The "main room" is narrow and small and dark, with armchairs for lounging, the jazz band sets up front, they are a little loud but heck that what makes these kind of places. There's a small bar with a couple stools in the back, to the side is a small restaurant area and outside is a small patio.

Thursday night is BBQ night, chafing dishes set up with BBQ beef tips, brisket (?), chicken, mac and cheese, and collard greens. I'm no expert on soul food, but for $13.95 all you can eat, it's definitely a good deal. It's by no means high cuisine, but that's not what they are gunning for...grab a plate, have a glass of champagne, the wine list looks suspect, the beer list scores with Abita, Saranac, and Shiner Bock, and listen to some tunes.

Champagne List (my Champagne knowledge is worse than my wine knowledge, so someone more wise can comment, we had a couple glass of the Piper's Sonoma for $7.50 a glass, it went down well)

Gruet Brut (New Mexico)

Roederer Estate (CA)

Veuve Clicquot (FR)

Domaine Chandon Brut (CA)

Piper's Sonoma Brut (CA)

Dampierre Cuvee Ambassadeurs (FR)

Ellington's on Eighth



The unassuming food, service, and decor makes you feel like you're a guest in the owners' home -- a home in which live music happens to be played.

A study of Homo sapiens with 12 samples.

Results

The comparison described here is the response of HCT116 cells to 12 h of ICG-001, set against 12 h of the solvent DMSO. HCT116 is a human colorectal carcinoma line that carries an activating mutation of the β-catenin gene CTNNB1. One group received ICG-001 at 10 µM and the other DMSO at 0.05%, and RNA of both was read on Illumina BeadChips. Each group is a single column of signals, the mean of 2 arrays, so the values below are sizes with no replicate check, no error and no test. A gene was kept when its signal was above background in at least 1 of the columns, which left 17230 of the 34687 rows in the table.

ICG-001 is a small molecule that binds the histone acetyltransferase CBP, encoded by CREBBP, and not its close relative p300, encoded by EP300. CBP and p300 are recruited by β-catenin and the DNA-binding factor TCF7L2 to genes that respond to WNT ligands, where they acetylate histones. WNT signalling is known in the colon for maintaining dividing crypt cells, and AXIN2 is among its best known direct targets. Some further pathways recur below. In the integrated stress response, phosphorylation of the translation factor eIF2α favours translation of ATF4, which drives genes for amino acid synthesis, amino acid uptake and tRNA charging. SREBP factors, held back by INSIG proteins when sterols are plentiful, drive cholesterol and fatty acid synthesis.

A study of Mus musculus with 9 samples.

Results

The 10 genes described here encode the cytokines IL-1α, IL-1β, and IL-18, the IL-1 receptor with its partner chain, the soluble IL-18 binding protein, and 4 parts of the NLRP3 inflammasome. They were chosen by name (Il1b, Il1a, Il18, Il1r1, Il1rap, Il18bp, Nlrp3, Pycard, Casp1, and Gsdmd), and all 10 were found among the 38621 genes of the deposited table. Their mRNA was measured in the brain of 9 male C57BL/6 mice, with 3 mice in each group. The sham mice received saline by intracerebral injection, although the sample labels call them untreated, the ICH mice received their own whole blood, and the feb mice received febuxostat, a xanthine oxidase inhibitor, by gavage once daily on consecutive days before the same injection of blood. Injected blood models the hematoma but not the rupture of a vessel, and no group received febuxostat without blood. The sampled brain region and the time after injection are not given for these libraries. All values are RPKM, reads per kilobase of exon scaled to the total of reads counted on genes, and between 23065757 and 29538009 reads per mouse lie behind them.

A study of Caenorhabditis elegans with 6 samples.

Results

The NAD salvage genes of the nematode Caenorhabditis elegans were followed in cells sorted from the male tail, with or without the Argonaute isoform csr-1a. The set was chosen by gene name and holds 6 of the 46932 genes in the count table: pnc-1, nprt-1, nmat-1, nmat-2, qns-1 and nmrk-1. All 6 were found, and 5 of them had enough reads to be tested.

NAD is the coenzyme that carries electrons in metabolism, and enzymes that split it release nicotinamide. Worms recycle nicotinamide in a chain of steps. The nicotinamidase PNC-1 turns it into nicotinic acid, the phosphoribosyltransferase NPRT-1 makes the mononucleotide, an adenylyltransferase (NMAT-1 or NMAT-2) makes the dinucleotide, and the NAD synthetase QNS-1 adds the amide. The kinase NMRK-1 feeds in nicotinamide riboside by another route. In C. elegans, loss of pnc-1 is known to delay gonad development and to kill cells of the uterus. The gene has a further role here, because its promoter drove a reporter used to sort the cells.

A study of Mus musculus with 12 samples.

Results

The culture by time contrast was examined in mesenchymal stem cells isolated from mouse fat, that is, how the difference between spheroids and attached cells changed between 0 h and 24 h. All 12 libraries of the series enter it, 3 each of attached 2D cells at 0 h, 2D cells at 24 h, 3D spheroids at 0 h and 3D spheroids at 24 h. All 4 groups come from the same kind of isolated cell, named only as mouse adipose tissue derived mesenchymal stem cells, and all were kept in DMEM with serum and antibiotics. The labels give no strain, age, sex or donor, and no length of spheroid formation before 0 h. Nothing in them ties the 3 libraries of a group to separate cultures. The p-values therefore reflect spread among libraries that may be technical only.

I had heard of the Thursday night barbecue-and-blues event before, and I thought it might be crowded. Far from it. For some time, we were the only diners in the dining room. When we retired to the lounge area up front, two or three tables were occupied. It's a little disconcerting that, despite the massive changes that have occurred in the neighborhood since the restaurant opened in 1999, the crowd was so sparse. I hope we were there on an unusually slow night, because this is the kind of place that can become a true institution, if the neighborhood nurtures it.


But, work was ongoing on Saturday on a new restaurant. According to the contractors replacing plate glass windows, etc., the new restaurant will be "Italian" and will open in "2 weeks." I've also heard that it'll be "Mediteranian." Possibly same ownership -- but lower price point -- from the Med place (Locanda) that's coming along where Mehana was on the south side of 600 block of Pennsylvania Ave. SE.

Link to Locanda Chat: http://www.donrockwell.com/index.php?showtopic=6609


A couple weeks ago, it looked like it was on the verge of opening. Tables and chairs were in place. Then, when I walked by yesterday, everything was a shambles again. I couldn't tell what was going on.

My analysis of the liquor permit sign hanging in the window suggests that the owners are the same people who owned Ellington's. Although I can't remember the applicant's precise name, it is an LLC with "Ellington's" in the name, if I recall correctly.

P.S. -- I hope they correct the spelling of their restaurant's name.